I camped just outside the town, on an ostensibly organised site that had no facilities bar one horrific toilet. I don't mind camping in basic conditions but having no running water does make things more difficult. But I had a sheltered spot on a grassy promontory overlooking the fjord, and I was in Greenland, so I was pretty happy. I set up my tent under the cool grey skies. I was severely sleep-deprived after my late arrival in Iceland and early departure to get to here, so I lay down and slept.
When I woke a few hours later, I knew I was in trouble. I had all the signs of imminent disastrous caffeine withdrawal - a slight shaking, a feeling of paranoia and a rapidly developing headache. Groaning slightly, I got up and stumbled into town. I'd heard there was a book shop where you could get coffee, but it was already closed for the day. So I staggered on towards the largest supermarket in town, hoping in a crazy way that they would have some kind of cafe in store. They didn't. Luckily I found some instant coffee, and now all I needed was water. Could I find any bottled water in the whole shop? No, I couldn't. I found apple juice, and considered what kind of brew that would make. My symptoms were severe, and I seriously contemplated this option. Then, I found some soya milk, and decided that might work better. Unable to think about anything else, I shuffled back to my campsite, staring wildly and clutching my shopping like an eccentric OAP. I lit my stove, heated up some milk, made a ghastly, stupidly strong pseudo-coffee, drank it so eagerly that it spilled down my face, then made two more in quick succession.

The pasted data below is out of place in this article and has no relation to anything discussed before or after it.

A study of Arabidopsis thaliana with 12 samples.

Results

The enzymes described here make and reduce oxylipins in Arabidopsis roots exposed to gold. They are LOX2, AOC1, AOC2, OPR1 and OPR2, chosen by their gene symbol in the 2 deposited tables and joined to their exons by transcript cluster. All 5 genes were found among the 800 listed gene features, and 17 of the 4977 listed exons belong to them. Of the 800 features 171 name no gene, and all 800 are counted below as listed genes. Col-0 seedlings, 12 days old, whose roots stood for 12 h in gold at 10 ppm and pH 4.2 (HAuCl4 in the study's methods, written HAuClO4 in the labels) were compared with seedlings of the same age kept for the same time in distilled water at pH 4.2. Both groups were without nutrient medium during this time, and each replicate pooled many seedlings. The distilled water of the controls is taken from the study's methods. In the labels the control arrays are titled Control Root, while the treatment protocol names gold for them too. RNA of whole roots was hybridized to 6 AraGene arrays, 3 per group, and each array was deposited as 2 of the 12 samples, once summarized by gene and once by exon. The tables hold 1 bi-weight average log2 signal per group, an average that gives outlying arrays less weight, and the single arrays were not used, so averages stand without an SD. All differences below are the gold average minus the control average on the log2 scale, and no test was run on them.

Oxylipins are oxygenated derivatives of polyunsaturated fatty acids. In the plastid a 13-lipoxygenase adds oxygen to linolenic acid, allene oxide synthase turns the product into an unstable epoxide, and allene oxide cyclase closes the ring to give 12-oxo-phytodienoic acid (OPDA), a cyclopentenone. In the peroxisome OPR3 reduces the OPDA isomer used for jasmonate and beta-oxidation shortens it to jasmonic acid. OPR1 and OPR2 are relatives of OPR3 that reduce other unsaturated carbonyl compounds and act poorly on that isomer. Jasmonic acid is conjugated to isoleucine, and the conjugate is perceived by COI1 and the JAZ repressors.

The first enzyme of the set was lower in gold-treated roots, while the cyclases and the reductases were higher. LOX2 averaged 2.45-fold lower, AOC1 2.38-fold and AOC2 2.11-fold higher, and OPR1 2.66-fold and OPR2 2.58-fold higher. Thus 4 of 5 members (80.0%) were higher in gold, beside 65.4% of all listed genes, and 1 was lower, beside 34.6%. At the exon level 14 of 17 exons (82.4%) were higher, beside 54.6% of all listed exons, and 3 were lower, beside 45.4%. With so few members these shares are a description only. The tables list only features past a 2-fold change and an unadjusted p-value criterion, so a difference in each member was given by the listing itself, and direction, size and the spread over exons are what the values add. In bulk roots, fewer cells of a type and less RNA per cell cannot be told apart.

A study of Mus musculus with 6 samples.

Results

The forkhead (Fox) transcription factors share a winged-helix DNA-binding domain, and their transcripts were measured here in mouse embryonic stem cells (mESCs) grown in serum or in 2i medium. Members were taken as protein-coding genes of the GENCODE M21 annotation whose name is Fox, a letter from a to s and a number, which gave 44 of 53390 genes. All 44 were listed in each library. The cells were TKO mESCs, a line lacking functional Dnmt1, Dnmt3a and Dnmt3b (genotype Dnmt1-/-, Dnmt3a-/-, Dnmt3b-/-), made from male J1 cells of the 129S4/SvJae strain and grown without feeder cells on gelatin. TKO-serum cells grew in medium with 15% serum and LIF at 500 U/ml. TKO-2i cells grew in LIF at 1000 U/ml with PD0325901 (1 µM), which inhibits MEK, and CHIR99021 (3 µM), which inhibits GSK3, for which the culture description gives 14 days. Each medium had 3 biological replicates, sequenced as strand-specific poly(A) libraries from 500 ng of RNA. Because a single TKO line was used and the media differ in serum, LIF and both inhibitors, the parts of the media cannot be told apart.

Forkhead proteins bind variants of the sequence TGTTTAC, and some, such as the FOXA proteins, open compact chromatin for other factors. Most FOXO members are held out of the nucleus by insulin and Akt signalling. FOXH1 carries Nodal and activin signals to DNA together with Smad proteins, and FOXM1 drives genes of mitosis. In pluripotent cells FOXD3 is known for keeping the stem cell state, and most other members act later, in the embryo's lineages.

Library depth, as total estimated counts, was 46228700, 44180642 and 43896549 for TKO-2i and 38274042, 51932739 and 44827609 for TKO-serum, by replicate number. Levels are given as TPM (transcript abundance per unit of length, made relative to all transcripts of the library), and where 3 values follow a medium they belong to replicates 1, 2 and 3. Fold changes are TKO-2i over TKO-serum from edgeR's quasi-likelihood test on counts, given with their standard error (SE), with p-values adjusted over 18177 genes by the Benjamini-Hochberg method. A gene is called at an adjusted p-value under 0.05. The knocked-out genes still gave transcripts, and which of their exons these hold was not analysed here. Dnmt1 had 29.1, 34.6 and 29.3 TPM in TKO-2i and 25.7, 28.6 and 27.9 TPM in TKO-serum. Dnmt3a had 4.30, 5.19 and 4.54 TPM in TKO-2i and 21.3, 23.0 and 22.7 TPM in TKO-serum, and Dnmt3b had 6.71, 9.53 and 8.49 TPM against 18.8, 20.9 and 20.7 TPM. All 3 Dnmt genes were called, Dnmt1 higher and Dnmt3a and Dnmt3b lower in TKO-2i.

Sometimes I wonder if I should give up coffee.
My cravings were alleviated, but my enthusiasm for Greenland was limited by the prospect of four days camped here with no running water and no showers. I decided to see if there was space in the hostel which owned the campsite. There was, and they said they had been mistaken in letting me use the campsite because in fact it was not yet ready for use. So I packed up my camping things and headed indoors, found a kitchen, brewed lots of coffee, and felt my enthusiasm renewed.